And Davidson apparently wasn’t joking. The document, described in reports as both “lengthy” and “Orwellian” is meant to prevent those in attendance of a show from discussing it, including by offering any opinions about it online. In other words, fans are prohibited from tweeting, for example, that they liked or disliked the show, and the same goes for other platforms, like Instagram and YouTube, but also for blogs. The fine for breaking this NDA? One million dollars.

However, Variety is reporting that Davidson may not be able to enforce the terms of the NDA and actually collect this money from audience members found in breach. Lawyers also commented that the fine is exorbitantly high for an NDA.

From the NDA:

“the individual shall not give any interviews, offer any opinions or critiques, or otherwise participate by any means or in any form whatsoever (including but not limited to blogs, Twitter, Facebook, YouTube, Instagram, or any other social networking or other websites whether now existing or hereafter created).”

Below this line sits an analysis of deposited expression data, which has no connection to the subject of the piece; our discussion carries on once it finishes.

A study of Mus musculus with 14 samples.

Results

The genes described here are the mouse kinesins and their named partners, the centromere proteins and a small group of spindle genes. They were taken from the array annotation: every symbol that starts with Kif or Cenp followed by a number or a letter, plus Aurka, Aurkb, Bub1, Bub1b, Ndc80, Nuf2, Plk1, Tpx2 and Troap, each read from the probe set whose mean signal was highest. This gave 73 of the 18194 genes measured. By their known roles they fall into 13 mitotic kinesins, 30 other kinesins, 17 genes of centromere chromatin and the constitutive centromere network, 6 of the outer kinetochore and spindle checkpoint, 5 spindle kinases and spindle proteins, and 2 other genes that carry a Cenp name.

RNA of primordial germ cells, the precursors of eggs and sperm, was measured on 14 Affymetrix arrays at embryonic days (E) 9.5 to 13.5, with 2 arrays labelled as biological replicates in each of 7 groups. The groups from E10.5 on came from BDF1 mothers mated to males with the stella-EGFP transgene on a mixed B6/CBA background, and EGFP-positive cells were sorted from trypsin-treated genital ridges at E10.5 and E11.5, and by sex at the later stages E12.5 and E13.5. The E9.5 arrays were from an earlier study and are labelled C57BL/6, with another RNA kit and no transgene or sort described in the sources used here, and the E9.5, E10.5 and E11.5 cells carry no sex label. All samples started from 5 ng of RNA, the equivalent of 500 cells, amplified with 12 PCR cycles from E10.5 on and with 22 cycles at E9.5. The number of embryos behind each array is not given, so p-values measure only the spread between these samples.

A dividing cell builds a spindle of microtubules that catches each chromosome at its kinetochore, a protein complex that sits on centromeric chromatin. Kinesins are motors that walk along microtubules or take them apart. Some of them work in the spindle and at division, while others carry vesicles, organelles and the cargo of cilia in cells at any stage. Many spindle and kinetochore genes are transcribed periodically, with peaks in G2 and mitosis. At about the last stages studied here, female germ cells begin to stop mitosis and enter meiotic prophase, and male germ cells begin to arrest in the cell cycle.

In the meantime, Davidson reportedly applied the same method of protecting himself from his audience in Chicago – so it looks like he might make it a permanent policy.

Techdirt writes about this bizarre case and recalls that perhaps surprisingly and disappointingly, comedians have of late been coming up with a number of similar moves, such as copyrighting jokes and banning phones from their shows. 

However, these still make some sense as overzealous attempts to prevent unauthorized recording and distribution of content – but to take away people’s right to express their opinion publicly is “purely crazy,” as the article put it.

It’s particularly disappointing considering that comedy and comedians are traditionally considered to be proponents and promoters of free speech – to now see them come up with legal ways of preventing their fans from enjoying the same privilege.

There is still hope, though, that Davidson might not be serious about his million-dollar NDAs. But if the shows where the document first turned up are anything to go by, that hope is fading: those who bought the ticket but wouldn’t sign away on their right to have an opinion received refunds are were prevented from attending.

If you’re tired of censorship and surveillance, join Reclaim The Net.